In his seminal and first book, The Four-Hour Work Week, Tim Ferris relates a very cool story about thinking outside the box (and how he was penalized for it). He says he had a phone room job from nine to five each day and was—as was everyone else—typically stopped by gatekeepers to the executives he was trying to reach. Something occurred to him though. He had observed many executives arrive early and stay late. He began setting his own hours and rather than the mandated eight-hour day he started working just one hour per day, between eight-thirty and nine a.m. and again from five p.m. to five-thirty. All the gatekeepers were gone, and he made more appointments with execs than anyone else in the phone room.
Tim recognized a pattern. Patterns, revealed, can lead to very effective strategies.
According to Wikipedia, “web analytics is the measurement, collection, analysis and reporting of web data,” for measuring web traffic of course, but also for market research and to improve the effectiveness of a website and marketing campaigns.
Special terms like “Unique visitors”, and “page views” scratch the surface of what we can understand and do with analytics. We can actually use analytics for on-site as well as many off-site channels, as often they combine. For example, we may determine someone responded to a postcard you mailed them and their next action was to visit your website prior to calling your office. It all can be evaluated and used to improve campaign effectiveness and efficiency, and maximize your return on investment (ROI). Important stuff; in fact, a lack of evaluation can lead some to abandon what might have been very profitable campaigns, or to continue useless ones into perpetuity.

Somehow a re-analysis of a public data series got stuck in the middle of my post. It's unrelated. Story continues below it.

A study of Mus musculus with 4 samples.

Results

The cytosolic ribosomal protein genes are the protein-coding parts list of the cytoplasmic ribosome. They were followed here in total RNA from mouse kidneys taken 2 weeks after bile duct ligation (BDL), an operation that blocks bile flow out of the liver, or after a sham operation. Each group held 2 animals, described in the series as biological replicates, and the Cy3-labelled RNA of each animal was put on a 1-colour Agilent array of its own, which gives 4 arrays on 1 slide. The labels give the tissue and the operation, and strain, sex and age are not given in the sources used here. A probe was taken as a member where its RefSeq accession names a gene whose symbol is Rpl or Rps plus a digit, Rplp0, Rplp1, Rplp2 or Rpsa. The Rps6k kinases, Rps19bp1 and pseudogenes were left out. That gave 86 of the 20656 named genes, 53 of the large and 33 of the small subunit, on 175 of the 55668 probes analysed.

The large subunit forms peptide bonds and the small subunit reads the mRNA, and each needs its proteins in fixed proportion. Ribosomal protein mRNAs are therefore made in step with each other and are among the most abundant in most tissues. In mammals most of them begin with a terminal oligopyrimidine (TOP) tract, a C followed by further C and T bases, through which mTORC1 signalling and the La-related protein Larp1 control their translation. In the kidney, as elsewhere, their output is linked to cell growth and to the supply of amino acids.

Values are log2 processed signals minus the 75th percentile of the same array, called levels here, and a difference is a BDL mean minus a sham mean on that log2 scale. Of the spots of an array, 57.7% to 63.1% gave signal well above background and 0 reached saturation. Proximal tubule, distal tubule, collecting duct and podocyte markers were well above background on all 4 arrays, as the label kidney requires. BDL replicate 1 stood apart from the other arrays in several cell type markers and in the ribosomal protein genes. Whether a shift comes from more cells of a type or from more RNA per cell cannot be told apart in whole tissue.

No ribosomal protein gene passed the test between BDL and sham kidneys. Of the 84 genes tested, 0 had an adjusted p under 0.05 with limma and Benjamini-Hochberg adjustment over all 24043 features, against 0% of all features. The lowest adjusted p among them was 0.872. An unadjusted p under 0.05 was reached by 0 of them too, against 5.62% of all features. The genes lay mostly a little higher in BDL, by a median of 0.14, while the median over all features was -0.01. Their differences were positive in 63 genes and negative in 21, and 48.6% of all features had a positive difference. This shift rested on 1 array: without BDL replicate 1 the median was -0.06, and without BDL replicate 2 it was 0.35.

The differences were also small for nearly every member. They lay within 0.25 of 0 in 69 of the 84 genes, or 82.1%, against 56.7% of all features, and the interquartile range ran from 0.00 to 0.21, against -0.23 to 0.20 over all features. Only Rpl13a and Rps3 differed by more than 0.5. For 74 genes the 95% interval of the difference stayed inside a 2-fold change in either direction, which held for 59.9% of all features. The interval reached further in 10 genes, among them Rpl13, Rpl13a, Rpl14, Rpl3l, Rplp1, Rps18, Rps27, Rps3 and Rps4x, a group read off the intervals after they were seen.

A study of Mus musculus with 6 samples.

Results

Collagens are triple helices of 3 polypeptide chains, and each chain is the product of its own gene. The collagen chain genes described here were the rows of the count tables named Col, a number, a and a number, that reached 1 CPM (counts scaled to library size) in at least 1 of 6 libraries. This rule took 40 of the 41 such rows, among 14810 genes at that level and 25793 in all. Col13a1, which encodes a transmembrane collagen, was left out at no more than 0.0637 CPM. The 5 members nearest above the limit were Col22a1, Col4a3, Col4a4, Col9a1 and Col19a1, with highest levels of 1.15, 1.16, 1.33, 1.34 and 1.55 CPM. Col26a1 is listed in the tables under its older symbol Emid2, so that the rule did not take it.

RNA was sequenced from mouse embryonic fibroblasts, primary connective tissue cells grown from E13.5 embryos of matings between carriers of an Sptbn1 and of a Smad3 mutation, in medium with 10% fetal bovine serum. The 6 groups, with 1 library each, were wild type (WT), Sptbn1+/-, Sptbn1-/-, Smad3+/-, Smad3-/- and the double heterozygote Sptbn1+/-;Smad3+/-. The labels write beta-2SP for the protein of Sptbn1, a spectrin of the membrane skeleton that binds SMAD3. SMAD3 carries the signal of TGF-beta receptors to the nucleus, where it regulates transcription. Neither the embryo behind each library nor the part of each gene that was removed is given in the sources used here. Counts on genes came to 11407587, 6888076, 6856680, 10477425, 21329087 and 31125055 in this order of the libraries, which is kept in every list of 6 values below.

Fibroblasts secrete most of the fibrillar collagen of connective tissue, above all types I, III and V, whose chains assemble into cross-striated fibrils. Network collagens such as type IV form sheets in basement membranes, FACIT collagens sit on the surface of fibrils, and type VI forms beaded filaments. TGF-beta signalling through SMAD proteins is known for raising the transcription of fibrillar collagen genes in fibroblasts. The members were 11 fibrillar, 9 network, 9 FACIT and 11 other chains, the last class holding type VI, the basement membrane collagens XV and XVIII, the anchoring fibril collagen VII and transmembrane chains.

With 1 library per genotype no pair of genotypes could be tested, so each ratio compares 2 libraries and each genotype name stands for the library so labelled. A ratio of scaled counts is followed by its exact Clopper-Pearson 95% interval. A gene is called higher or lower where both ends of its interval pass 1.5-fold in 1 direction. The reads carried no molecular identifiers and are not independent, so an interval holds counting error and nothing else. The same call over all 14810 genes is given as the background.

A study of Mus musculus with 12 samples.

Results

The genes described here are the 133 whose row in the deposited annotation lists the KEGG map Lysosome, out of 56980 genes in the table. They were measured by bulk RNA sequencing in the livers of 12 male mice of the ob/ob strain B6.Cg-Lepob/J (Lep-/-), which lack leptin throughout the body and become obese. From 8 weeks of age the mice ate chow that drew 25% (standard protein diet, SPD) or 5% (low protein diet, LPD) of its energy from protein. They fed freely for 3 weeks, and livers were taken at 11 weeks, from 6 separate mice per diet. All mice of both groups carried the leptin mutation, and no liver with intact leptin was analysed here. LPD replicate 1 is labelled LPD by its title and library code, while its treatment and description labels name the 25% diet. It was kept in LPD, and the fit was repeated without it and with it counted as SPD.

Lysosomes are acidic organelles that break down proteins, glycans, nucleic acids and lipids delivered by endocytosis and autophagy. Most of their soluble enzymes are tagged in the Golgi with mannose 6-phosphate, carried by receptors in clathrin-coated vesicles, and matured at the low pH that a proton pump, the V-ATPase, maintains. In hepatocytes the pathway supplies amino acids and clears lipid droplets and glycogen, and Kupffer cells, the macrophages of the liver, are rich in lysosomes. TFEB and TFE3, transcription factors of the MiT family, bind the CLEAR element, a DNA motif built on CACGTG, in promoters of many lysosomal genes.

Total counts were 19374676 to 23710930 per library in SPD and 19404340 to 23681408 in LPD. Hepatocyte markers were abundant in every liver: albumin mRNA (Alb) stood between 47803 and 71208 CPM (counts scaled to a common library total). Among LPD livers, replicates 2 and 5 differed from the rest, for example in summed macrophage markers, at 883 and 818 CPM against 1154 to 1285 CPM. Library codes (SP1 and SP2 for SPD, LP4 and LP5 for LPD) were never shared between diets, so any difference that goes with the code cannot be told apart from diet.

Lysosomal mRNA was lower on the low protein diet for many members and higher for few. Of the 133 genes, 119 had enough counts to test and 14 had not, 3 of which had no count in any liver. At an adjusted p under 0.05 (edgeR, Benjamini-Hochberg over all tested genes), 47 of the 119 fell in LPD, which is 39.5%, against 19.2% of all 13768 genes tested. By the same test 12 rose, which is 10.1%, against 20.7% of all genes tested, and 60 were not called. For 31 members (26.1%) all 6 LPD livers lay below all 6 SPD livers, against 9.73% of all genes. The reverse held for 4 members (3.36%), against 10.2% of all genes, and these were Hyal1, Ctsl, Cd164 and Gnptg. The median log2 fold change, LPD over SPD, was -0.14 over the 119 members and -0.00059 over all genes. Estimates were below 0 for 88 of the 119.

Through analytics we demystify your marketing, and we’re great at it—we love this stuff.
No, not really.
We can know what’s going on across the web as well as evaluate a visitor’s behavior on your site and use that data to make informed decisions, maybe even arrive at innovative strategies like Tim’s!